I have always found it interesting how quickly our culture moves from Thanksgiving to the Christmas Shopping Season and days like Black Friday, Small Business Saturday, and Cyber Monday. We start by giving thanks for what we have and then almost immediately begin thinking about what we need  (or want!) -- to the point that numerous stores are even open on Thanksgiving Day this year for an early start to their big sales (and send out emails ahead of Thanksgiving about what their sales will look like)!

The Call To Give Thanks Continually

While it might seem like our culture cannot even take one whole day to give thanks, the Christian life is one that calls for continual thanksgiving. We see this theme of thanksgiving in places like 1 Thessalonians 5:18, which says “give thanks in all circumstances,” in numerous Psalms (e.g. Psalms 95:2; 100:4; 106:1; 107:1; 118:1; 136:1), and in the example of the Apostle Paul who begins many of his letters noting that he always gives thanks for the members of the church to which he is writing (see Romans 1:8; 1 Corinthians 1:4; Ephesians 1:4; Philippians 1:3; Colossians 1:3; 1 Thessalonians 1:2; 2 Thessalonians 1:3). An application of Paul’s example would be to give thanks for the Christian community God has placed you in, but I wanted to point out another issue related to thanksgiving that comes from the Heidelberg Catechism, one of our church’s confessions of faith.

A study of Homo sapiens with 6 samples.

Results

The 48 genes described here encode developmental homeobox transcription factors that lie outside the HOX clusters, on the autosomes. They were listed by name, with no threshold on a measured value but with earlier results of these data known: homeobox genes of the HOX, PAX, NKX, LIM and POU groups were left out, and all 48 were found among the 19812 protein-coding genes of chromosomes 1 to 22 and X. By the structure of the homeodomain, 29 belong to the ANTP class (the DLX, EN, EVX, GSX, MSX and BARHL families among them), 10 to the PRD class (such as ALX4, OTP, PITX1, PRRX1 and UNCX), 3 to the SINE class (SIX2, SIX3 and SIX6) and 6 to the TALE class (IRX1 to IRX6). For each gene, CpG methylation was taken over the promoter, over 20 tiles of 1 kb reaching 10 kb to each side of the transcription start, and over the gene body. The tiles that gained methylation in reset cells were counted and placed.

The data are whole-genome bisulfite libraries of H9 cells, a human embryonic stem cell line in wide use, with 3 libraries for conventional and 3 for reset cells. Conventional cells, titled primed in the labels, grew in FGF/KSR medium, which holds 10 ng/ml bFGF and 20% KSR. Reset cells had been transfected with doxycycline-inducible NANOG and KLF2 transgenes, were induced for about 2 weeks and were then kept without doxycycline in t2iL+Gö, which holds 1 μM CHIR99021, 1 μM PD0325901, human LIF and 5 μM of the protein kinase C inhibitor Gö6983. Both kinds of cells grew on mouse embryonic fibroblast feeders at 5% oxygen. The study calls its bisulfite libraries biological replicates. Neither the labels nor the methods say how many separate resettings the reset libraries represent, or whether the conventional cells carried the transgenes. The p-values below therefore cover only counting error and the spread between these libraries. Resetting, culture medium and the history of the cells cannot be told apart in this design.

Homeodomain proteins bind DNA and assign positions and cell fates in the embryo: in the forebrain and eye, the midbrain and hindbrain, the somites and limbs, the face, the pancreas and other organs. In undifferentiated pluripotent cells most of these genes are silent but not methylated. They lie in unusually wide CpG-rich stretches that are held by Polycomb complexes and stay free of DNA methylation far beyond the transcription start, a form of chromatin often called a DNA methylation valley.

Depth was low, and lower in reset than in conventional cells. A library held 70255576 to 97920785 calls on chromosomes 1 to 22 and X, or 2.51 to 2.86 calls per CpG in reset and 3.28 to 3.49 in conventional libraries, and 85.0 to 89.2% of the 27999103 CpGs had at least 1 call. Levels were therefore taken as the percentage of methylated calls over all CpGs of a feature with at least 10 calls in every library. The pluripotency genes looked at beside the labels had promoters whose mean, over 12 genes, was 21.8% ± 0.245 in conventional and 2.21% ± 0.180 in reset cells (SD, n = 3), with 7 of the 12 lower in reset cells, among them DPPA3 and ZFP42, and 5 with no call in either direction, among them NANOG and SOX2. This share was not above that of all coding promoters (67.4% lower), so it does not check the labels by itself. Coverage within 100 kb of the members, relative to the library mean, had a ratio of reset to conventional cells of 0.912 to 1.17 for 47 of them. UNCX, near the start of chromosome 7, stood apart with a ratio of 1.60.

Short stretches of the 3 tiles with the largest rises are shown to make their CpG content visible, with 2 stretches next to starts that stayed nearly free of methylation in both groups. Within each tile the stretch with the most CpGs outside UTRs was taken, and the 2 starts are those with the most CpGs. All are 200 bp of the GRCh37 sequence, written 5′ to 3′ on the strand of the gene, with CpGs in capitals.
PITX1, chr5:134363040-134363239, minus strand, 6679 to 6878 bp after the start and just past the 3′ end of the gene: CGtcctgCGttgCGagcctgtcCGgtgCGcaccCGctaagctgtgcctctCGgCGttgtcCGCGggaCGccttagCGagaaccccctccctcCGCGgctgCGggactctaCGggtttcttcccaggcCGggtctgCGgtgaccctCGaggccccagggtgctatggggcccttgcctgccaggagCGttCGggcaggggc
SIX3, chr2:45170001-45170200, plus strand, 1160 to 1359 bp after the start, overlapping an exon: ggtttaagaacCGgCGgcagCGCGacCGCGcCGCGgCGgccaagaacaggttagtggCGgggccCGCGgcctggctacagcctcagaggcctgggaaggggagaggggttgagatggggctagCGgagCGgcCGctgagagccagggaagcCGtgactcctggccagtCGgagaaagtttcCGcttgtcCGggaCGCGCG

Thankful for the Heidelberg Catechism!

The first question of the Heidelberg Catechism states that our only comfort in life and death is that we belong, body and soul, in life and in death, to our Savior Jesus Christ because he has paid for our sins, set us free, and watches over us – with the result that we are to be “wholeheartedly willing and ready from now on to live for him.” The second question of the Catechism then asks what we need to know to live and die in the joy of this comfort.The answer talks about the need to know our guilt, God’s grace, and how to live in gratitude for his grace. These three ideas (guilt, grace, and gratitude) serve as the outline for the rest of the Catechism.

So what does a life of gratitude look like? The section of the Heidelberg Catechism that deals with gratitude (questions 86-127) describes it as a life of faith and repentance, to be sorry for our sin, and live according to the will of God by doing every kind of good work. The Catechism then looks at the Ten Commandments which show us how to live a life of gratitude (obeying them is giving thanks to God) and the Lord’s Prayer, which helps us know how to pray in accordance with God’s will and reminds us of how He provides for us. Obeying God’s commands is something that does not earn our salvation (Jesus did that!), but how we show gratitude for what Jesus did for us.

A Life Marked by Thankfulness and Gratitude

Christians celebrate Thanksgiving Day not by just having turkey and pumpkin pie or by going around the table saying what we are thankful for one time a year, but each day by inviting others to our tables, loving our neighbor as ourselves, praying that God’s kingdom might come and His will might be done on earth as it is in heaven -- in essence, “bending the world” back to the way that God intended it to be is an act of thanksgiving! This should mark our lives every day, not just for 24 hours on Thanksgiving Day. So as our culture turns away from thanksgiving, may we live into it even more deeply.